Indian start-up Zaggle registers new fintech ZigZug to offer SMEs credit – FinTech Futures

Zaggle, a 2011-founded Software-as-a-Service (SaaS) fintech based out of Mumbai, has registered a new fintech start-up called “ZigZug”.

Until now, Zaggle has acquired clientele such as Microsoft, Infosys, Unilever, and Nasdaq-listed Indian online travel agency Yatre.

Zaggle’s CEO Avinash Godkhindi and chairman Raj N Phani

It delivers these customers two core SaaS solutions. One centres around expense management. Whilst the other facilitates the distribution of credit products for brands’ dealers and distributors.

“We have a rich database of SME [small and medium-sized enterprise] customers who have received these reward points, and now we want to serve them directly,” Avinash Godkhindi, Zaggle’s CEO, tells FinTech Futures.

A new credit card in India

ZigZug is a new banking platform in India focused on SMEs and SME lending. It classifies SMEs as companies which turnover between $1.5-2 million, all the way up to $100 million.

The new fintech has already launched its credit “founders’ card”. “Right now, our focus is on India,” says Godkhindi. “The country is very credit hungry.”

As of 2019, just 3.85% of Indian consumers owned credit, according to BankBazaar Moneymood’s 2020 report. As for businesses, a number of incumbents offer corporate cards – including YES Bank, Citi, and HDFC Bank – but few newer players have disrupted the space.

Zaggle has registered ZigZug as a separate enterprise. “It means easier absorption of capital and institutional investment, and it’s easier to attract talent,” explains Godkhindi.

The CEO is in the process of hiring a separate team, including a CEO. “We’ve largely hired externally,” he says.

“What typically happens when you’re looking at the best people, line managers are unwilling to let go of them.” So, if Zaggle recruited internally, Godkhindi’s options were to either cause stress on its operation or avoid disruption and not pick the best-suited people.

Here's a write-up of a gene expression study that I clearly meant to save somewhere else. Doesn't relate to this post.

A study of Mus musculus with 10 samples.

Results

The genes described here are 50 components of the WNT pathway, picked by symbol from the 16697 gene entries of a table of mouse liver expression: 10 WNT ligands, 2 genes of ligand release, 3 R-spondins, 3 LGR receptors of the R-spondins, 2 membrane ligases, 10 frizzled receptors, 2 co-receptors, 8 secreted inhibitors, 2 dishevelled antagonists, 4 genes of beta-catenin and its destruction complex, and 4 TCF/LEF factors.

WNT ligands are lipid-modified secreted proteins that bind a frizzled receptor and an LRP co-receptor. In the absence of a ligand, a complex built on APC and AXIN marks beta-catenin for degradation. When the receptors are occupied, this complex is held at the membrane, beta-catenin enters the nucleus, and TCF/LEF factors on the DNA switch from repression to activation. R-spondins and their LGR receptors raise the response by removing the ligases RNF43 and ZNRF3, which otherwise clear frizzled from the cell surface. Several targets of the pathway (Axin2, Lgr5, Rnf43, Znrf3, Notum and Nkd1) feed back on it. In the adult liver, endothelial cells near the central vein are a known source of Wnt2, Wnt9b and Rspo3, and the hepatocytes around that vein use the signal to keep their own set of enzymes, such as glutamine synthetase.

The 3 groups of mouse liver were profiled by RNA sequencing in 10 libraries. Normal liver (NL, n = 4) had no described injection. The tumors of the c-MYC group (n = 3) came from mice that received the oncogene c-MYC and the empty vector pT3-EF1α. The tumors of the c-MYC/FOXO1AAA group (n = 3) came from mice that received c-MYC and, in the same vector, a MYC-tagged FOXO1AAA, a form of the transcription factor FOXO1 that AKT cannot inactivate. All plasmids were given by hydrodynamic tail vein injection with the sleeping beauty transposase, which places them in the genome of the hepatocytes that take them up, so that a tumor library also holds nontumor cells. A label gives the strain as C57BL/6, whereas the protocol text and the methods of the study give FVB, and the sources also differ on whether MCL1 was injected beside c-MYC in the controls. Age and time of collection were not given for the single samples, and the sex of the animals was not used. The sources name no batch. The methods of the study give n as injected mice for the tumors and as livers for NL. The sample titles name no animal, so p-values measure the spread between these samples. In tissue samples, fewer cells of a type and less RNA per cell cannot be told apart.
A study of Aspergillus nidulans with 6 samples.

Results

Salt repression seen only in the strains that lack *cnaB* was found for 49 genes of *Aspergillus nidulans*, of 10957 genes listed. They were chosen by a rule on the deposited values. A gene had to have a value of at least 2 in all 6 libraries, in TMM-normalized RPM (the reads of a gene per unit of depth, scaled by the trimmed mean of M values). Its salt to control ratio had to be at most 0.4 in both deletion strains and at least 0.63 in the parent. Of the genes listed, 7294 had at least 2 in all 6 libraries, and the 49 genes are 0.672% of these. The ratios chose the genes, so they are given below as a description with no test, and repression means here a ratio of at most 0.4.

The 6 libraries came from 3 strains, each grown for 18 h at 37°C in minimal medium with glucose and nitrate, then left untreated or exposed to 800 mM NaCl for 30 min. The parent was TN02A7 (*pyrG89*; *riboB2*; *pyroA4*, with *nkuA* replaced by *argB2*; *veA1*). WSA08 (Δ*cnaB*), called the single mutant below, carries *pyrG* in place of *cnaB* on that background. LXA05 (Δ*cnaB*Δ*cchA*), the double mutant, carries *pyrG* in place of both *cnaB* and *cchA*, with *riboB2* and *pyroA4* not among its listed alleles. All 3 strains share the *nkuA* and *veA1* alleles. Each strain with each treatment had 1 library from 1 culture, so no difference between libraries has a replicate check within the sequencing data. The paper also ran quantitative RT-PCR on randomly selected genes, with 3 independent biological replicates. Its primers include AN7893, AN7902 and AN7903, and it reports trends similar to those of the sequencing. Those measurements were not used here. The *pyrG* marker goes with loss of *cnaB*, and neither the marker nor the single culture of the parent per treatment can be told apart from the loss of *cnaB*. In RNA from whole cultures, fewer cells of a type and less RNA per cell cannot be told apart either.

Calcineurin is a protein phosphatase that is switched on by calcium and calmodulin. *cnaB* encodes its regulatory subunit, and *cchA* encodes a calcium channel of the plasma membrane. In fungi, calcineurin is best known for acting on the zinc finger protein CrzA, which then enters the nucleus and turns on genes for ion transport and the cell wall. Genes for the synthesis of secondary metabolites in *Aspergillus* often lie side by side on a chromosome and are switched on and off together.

SMEs, not MSMEs

Often bundled together with India’s micro-SME (MSME) market, it’s often unclear exactly how many SMEs India’s 1.3-billion population houses.

According to November 2020 IBEF government data, there are some 63 million MSMEs in India. But there’s a much smaller number of SMEs. The IBEF says there’s as few as 300,000.

Zaggle team

Since last April, Godkhindi says Zaggle’s transaction growth has grown almost six times

Zaggle serves just 4,500 customers, but the majority of these are enterprise-paying customers – which have led the fintech to turn a profit as of last financial year.

They also serve a cumulative ten million direct users, and some 10,000 merchants. The start-up figures it can put its client book to work, by registering a separate company – ZigZug – to go after its merchant relationships.

Godkhindi says Zaggle already has a “cultivated” list of 100,000 SMEs it can reach out to via ZigZug.

“Our focus is on SMEs – closer to the ‘M’ and a large ‘S’, and not MSMEs,” explains the CEO. “We understand this space (SMEs) far better. But we would consider the MSME space in the future.”

Since last April, Godkhindi says Zaggle’s transaction growth has grown almost six times. The fintech is currently looking to raise, but it hasn’t raised a round in the last year like many fintechs did to live out the COVID-19 crisis.

“We’ve not felt the need to raise capital,” says Godkhindi. “It’s much tougher to create value out of capital raising, even if the capital itself is easily-available in the market.”

Finding the right fit

In the first four-to-five years of Zaggle’s operation, Godkhindi says the fintech was simply “trying to find the right product market fit”.

Zaggle interface

In the next two years, Godkhindi wants ZigZug to take itself across the globe

“At that time in India [2011-16], we needed to carefully choose what not to do.” Between 2014 and 2015, fintech-related firms in India leaped on mobile wallets, Zaggle’s CEO explains.

“We thought these would soon be replicated by Big Techs. So, we didn’t see the value in having a separate wallet. A lot of companies rushed behind this and burned a lot of cash on cashbacks.”

With an evolving product offering in place, Godkhindi is far more optimistic about Zaggle, and now ZigZug’s, position in a market where “competition is extremely high”.

Boasting partners such as HSBC, Development Bank of Singapore, ICICI Bank, and international car payment service RuPay, Zaggle has come a long way since its product fit-searching days.

In the next two years, Godkhindi wants ZigZug to take itself across the globe. The newly established fintech has its eyes on Singapore, the US and Canada – where Zaggle’s other offices are situated.